Authentic Scottish Food Goes Far Beyond Haggis — Here’s What You Should Try
We’re sorry to inform you that, no matter how delicious Scottish whisky is, you cannot subsist solely on the adult beverage during a trip to Scotland. But we can share the fun foodie fact that Scotland is hiding some delicacies behind the questionable reputation of being the home of haggis (the much-maligned national dish consisting of sheep or cow liver, heart, and lungs mixed with onion and other spices). You can dine pretty fine in Scotland, whether you’re touring the best restaurants in Edinburgh or hopping around the Highlands’ rustic, homey pubs. No matter your tastes, here are the best foods to put on your Scotland to-eat list.
Scotland has such good cheese that two of them are designated “protected foods” by the European Union. That means they’re guaranteed to be the real deal, locally produced and amazingly delicious foods that stick to the traditional recipes. There’s Orkney Scottish Island Cheddar, a mild cheddar with a firm texture. And then there’s traditional Ayrshire Dunlop Cheese, which is similar to a cheddar but has a little bit more moisture. It tends to be nuttier when it’s young and gets sharper the longer it ages. We’d suggest picnicking with a block of both.
Scottish whisky (yes, whisky without the “e”) is the national drink of Scotland and dates back to the 11 century. We suggest doing a whisky tasting or sampling different flights of whisky in order to learn more about which flavors suit your palette (peaty, sweet, smoky, fruity). P.S. You might hear this drink called Scotch in the States, but it’s definitely whisky when you’re in Scotland.
Scottish lobster is actually so beloved that it’s used all the way around the world in some of Japan’s best restaurants. But beware: lobster is lobster. It’s expensive pretty much anywhere it’s sourced.
Fish And Chips
Picking the best fish and chips is a heated debate in Scotland — and in the entire United Kingdom, for that matter. Everyone claims to know the best local spot for the best fried fish accompanied by the perfect chips (the thicker version of what we call fries). In fact, there are numerous award systems to rank the best in the biz every year, including the National Fish & Chips Awards. This year, Scotland’s Low’s Traditional Fish & Chips in Aberdeenshire placed sixth in the U.K.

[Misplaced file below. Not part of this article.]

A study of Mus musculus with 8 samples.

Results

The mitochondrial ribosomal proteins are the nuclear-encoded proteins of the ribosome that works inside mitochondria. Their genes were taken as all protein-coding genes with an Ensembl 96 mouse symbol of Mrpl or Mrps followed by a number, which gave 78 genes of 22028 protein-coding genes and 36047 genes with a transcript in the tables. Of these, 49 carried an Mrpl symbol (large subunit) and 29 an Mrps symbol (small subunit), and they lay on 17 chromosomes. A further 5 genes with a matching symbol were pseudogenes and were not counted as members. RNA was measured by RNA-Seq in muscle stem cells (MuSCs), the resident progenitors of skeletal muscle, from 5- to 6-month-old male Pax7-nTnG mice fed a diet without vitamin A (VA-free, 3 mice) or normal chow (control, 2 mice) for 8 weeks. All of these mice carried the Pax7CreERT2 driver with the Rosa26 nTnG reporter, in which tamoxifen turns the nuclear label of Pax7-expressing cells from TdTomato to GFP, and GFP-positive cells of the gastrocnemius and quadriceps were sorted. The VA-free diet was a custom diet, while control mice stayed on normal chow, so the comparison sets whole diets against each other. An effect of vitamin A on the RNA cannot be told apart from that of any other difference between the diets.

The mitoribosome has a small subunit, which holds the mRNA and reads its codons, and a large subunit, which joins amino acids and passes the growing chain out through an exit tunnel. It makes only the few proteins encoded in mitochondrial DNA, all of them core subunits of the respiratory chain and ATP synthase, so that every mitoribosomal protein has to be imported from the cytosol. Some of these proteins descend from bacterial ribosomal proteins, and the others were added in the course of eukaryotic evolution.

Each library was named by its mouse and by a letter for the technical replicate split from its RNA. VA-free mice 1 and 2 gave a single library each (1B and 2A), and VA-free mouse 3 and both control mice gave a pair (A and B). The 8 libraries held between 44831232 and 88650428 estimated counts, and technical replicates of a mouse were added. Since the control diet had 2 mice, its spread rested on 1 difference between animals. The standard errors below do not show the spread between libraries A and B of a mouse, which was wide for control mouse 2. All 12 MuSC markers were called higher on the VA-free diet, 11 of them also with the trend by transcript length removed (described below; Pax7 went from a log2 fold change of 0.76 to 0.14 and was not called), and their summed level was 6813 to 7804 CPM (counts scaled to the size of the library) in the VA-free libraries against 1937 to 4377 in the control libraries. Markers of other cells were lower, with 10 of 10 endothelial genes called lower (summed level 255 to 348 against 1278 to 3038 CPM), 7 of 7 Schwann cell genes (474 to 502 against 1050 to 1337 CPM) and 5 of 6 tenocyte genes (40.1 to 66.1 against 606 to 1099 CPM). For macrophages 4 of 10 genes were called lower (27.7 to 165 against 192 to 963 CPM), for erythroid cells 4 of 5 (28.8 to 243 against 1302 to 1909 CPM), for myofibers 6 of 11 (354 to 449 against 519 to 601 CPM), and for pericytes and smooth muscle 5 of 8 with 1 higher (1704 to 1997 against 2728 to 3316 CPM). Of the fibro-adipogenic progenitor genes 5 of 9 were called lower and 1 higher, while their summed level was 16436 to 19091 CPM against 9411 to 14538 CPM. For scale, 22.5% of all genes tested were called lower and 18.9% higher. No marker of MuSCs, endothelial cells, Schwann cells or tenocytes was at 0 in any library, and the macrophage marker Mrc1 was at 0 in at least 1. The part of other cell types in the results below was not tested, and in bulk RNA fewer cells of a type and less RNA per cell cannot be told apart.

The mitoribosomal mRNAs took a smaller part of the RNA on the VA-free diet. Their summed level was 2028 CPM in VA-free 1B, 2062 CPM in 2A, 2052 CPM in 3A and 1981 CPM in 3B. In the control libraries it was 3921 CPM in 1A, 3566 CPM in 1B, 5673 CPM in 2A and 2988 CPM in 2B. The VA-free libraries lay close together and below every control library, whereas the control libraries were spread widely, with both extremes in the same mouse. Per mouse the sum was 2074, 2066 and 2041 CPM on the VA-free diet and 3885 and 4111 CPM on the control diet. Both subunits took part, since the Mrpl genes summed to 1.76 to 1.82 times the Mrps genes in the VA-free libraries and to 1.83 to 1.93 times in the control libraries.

Scones And Shortbread
The first thing you need to know about Scottish scones is that you don’t pronounce the treats in the way that rhymes with “own.” It’s a scone pronounced “scon” like “on.” But these are nothing like the vaguely dry pastries you get at your corner coffee shop. These scones are served with clotted cream (a smooth, buttery, just-sweet-enough cream) and jam.
Scottish shortbread dates all the way back to the 12th century, and that means there are tons of family recipes being passed down to make the best cookies around. We suggest eating some while on vacation and bringing more home as a souvenir.
Scottish salmon is some of the best in the world, whether you want to eat it raw, sashimi style, or smoked like how the Scots prefer. But like many farmed fish, there are environmental effects of the cultivation of salmon in Scotland. So make sure you’re buying salmon from farms that pass the national environmental standards.
Scottish summers are short but oh-so-sweet. And the traditional Cranachan dessert is just the same. It’s like a parfait, using raspberries, cream, toasted oats and whisky. Honestly, what’s not to love?
Haggis And Black Pudding
You can’t leave Scotland without trying haggis. It’s like going to France and not trying escargot. Just like escargot (snails), haggis might not be to your taste, but it’s worth a shot. The savory pudding is traditionally served with mashed potatoes, turnips (you’ll see them called “neeps” on Scottish menus) and a whisky sauce.
You can also sample haggis in a full Scottish breakfast, where you’ll get a broiled tomato, sautéed mushrooms, sliced ham, sausage (called “bangers”), baked beans, a potato “tattie” (similar to a hash brown) as well as some haggis and black pudding — a sausage made from pork blood. Even if you’re not big on the puddings, your breakfast eggs, ham and potatoes will still help soak up all the Scottish whisky you had the night before.